The State Government has invested $2 million in the KPA Cell, which will encompass 11 pastoral leases covering about 2.4 million hectares, with the fence to stretch about 950 kilometres when complete.
State Agriculture and Food Minister Alannah MacTiernan said "sheep numbers in the region had dropped from more than 130,000 in the 1990s to fewer than 5000 nowadays - a result of wild dog predation".
She said the start of KPA Cell construction marked an important milestone in combating wild dogs in the Goldfields and in rebuilding a sheep industry in the region.
"Sheep meat and wool prices have skyrocketed and we want to see sheep returned to the southern rangelands as an income source for local pastoralists," Ms MacTiernan said.
"Restoring small stock to the Goldfields will drive diversification across the region, creating new opportunities for shearers, livestock transporters and local contractors.
"The KPA Cell project demonstrates the benefits to industry and regional communities that result from strong collaboration with industry, State and Federal governments and other stakeholders."
Construction of the fence will be co-ordinated by the KPA.
It will be built to wild dog standard, about 140 centimetres high with a lapwire, along existing pastoral station fencelines and access tracks.
Contractor Weaver Fencing has been engaged to construct the first stretch of exclusion fence, starting about 6km out of Kalgoorlie at an intersection of Mt Monger station and Lakeside Timber Reserve, following roll-up of pre-existing wire by Land Management Rangers from the Goldfields Land and Sea Council.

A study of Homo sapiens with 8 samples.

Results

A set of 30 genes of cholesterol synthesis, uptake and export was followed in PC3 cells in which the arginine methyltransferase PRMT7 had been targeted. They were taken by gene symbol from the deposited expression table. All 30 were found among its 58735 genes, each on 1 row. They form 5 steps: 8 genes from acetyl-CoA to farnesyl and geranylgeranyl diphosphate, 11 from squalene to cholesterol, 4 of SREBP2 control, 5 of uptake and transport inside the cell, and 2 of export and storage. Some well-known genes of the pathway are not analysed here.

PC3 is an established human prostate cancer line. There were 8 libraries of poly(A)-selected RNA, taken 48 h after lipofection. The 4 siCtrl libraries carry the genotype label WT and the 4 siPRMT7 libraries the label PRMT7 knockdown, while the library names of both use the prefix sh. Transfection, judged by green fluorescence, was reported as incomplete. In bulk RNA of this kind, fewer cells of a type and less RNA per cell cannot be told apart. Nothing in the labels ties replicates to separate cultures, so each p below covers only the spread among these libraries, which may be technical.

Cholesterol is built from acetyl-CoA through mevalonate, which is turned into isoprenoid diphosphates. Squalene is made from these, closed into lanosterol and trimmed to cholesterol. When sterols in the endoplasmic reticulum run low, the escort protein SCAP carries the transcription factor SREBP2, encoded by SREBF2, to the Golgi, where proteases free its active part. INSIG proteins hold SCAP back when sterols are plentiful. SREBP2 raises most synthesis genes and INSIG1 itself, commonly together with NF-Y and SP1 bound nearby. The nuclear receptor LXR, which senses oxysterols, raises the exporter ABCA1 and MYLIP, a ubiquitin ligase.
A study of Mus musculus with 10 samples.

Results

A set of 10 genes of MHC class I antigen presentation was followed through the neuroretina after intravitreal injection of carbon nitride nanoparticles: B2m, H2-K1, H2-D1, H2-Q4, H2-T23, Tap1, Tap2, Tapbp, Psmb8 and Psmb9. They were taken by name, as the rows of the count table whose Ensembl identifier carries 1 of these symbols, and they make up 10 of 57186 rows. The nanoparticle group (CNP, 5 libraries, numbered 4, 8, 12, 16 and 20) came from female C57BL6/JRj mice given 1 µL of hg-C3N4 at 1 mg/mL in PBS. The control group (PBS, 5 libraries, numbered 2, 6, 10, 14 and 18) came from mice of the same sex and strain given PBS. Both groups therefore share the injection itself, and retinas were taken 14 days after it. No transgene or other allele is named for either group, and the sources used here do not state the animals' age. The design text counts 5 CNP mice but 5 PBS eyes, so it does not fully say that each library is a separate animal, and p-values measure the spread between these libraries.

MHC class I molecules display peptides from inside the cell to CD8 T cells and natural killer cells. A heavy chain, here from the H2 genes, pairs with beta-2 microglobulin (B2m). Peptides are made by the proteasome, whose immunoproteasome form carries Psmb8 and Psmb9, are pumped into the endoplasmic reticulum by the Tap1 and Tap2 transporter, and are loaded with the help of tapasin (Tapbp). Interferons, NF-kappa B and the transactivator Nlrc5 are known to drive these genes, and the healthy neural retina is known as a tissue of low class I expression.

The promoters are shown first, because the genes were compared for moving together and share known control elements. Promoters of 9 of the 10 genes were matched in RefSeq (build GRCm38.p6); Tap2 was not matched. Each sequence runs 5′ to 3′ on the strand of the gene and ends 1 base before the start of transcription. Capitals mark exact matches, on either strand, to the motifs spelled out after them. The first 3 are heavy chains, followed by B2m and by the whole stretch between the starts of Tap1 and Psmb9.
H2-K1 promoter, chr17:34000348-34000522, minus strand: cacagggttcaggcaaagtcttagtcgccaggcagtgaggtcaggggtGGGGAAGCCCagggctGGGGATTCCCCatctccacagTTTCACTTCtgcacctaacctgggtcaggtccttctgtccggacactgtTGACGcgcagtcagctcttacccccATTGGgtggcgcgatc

Kalgoorlie Consolidated Gold Mines Pty Ltd and the Department of Biodiversity, Conservation and Attractions are also contributing $10,000 each towards the cell.
KPA will report to the Department of Primary Industries and Regional Development on building and maintaining the fence, stock numbers and wild dog control.
The KPA Cell complements two demonstration cells in the Murchison and one in the West Gascoyne as part of the Rangelands Cell Fencing Program, co-funded by the State and Federal governments.
Pastoralists and Graziers Association president Tony Seabrook said cell fences had achieved positive results across the country and they were proving to work to stop wild dogs from attacking small livestock.
"They can be expensive to get up and so it's great that the government is putting funding towards this because pastoralists couldn't afford it on their own," Mr Seabrook said.
"It will be a real benefit to them if they are able to run sheep again in those areas."
Pastoral Region MLC Kyle McGinn said since coming to government, Ms MacTiernan has been delivering cell fences right across the regions.
"We need to continue to build new and support existing industries such as sheep farming in the Goldfields to boost employment opportunities," he said.
"Getting started on the Kalgoorlie cell fence is critical in giving pastoralists the confidence to return the southern rangelands to the mighty sheep producing area it once was."